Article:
Toshiba plans to increase focus on renewables after the Fukushima crisis resulted in setbacks to its nuclear sales.
Japanese firm Toshiba said it will concentrate on renewables and smart grids as it aims to more than double its operating profit to 500 billion yen despite the setback to its nuclear business.
It admitted it may not reach its target of 39 orders for nuclear reactors until two to three years later than expected as the crisis at the Fukushima Daiichi plant has fuelled public opposition to nuclear power worldwide.
The disaster will likely lead to a tightening of safety regulations, and while Germany has already moved to close older reactors, other governments have launched safety reviews.
"If everyone around the world is against nuclear power, there is no point in us saying it is a pillar of our strategy," Toshiba President Norio Sasaki said.
"But it is going to take some time to work out exactly what the environment is."
Orders for four AP1000 nuclear reactors in China are on target, but approval delays in the United States and other countries could delay Toshiba's goal to expand nuclear sales to 1 trillion yen (£7.6 billion) and 39 reactor orders by March 2016, Sasaki said.
However direct checks with customers had not yet found any planning to change their orders, he added.
Toshiba has set up a 1,900-person team to help operator Tokyo Electric bring the Fukushima plant under control after it was hit by a 9.0 magnitude earthquake and tsunami two months ago.
It will also use 700 billion yen of its funds to build new revenue streams and invest in its flash memory chips, batteries, smart grids and production in emerging markets.
Toshiba has been trying to lower its dependence on nuclear power for growth by investing in solar and other renewable energy sources, next-generation batteries and smart grids.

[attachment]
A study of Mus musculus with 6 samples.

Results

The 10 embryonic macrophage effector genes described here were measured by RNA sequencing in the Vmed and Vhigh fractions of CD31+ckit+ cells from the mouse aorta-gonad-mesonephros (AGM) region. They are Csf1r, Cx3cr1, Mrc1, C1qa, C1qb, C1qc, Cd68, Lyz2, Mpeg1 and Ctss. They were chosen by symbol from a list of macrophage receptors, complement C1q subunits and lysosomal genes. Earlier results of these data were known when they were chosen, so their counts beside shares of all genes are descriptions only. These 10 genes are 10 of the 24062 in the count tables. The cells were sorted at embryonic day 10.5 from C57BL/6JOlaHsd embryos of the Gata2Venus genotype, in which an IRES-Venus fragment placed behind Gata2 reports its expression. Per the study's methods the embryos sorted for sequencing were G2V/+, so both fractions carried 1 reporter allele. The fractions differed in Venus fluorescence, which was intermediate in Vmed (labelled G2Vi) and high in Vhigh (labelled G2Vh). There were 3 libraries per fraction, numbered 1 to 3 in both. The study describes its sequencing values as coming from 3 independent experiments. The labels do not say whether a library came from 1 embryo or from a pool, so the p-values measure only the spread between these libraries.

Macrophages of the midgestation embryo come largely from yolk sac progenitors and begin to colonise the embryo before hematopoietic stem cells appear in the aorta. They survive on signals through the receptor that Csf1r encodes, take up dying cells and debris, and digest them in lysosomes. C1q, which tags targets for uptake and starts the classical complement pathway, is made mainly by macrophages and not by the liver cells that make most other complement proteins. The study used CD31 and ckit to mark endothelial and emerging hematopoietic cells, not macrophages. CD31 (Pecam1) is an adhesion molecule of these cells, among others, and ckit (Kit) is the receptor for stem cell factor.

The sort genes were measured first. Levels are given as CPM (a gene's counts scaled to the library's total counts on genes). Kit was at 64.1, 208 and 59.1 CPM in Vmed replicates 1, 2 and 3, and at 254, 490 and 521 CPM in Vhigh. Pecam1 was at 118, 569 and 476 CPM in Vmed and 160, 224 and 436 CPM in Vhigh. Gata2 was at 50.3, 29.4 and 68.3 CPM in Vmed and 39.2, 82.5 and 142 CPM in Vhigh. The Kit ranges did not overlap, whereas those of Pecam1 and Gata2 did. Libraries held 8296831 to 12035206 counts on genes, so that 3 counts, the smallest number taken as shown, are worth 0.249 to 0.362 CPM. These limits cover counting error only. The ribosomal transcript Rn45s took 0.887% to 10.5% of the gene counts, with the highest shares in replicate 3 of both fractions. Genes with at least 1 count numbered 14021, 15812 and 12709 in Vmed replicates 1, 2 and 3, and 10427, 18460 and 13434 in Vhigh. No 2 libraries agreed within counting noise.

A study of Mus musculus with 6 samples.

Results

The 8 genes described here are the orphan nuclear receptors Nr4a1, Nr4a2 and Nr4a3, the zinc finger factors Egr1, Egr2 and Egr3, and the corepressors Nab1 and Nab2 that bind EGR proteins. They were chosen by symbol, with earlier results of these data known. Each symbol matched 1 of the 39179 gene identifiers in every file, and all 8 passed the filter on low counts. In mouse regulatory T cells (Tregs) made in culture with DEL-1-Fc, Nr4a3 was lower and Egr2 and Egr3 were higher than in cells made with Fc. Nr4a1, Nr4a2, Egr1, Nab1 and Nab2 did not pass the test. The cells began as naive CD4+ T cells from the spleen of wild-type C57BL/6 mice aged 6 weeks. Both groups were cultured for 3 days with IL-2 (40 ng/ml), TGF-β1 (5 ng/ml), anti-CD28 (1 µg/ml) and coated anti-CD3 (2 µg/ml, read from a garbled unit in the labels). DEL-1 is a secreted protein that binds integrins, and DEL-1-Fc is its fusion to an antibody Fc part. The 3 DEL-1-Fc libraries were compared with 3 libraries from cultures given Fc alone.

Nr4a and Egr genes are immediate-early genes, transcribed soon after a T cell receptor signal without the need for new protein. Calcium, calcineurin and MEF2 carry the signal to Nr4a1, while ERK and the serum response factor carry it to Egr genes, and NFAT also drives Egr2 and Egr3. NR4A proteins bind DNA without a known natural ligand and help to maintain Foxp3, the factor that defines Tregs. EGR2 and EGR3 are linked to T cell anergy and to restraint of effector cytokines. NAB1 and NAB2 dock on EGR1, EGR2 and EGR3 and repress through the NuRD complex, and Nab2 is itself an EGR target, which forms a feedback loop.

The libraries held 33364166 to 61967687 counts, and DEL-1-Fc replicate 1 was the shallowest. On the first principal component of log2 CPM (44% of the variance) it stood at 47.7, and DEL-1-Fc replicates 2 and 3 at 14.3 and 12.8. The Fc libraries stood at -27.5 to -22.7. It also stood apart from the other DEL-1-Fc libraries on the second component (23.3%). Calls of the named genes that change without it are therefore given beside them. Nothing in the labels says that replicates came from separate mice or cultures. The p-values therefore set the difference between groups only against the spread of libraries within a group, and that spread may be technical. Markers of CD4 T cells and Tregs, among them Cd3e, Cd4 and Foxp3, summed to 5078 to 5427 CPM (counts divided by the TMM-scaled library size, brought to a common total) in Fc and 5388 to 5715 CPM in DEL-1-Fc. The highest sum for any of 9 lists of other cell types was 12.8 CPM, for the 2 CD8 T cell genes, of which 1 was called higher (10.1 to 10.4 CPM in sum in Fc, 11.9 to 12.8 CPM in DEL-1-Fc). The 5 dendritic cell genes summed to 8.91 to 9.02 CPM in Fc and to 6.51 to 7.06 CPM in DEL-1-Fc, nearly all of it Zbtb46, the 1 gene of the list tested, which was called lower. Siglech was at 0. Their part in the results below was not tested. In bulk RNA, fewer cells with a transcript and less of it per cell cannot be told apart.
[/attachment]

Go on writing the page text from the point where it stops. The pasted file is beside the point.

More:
It now targets sales of 350 billion yen in solar, hydroelectric, geothermal and wind power technologies, 900 billion yen in smart grid products and 800 billion yen in low-power consumption motors, inverters and batteries.
The strategy will expand Toshiba's 2011-2013 capital and research-and-development budget to 1.45 trillion yen, up from 1.3 trillion yen in 2010-2012.
Toshiba will buy unlisted Swiss smart-meter manufacturer Landis+Gyr for around $2.3 billion, it announced last week.
Smart meters are an essential element of smart grids, which are being eyed by utilities and governments around the world as a means of saving energy and cutting carbon emissions.
They are designed to accommodate a range of generation options, including renewables, and to provide customers and utilities with more real time information, enabling them to manage usage and supply more efficiently.
Sasaki said Toshiba still needed to beef up its cloud computing capabilities in order to compete in smart grids.
Toshiba also announced an alliance with South Korean wind power firm Unison Co earlier this week.
The Japanese firm will buy some 3 billion yen in Unison convertible bonds as the first step of the deal and the Nikkei newspaper reported it would raise its stake to about 30 per cent in about a year.
Toshiba also said it plans to boost output at a lithium ion battery plant in Kashiwazaki, Niigata Prefecture, in anticipation of higher demand for use in smart-grid systems.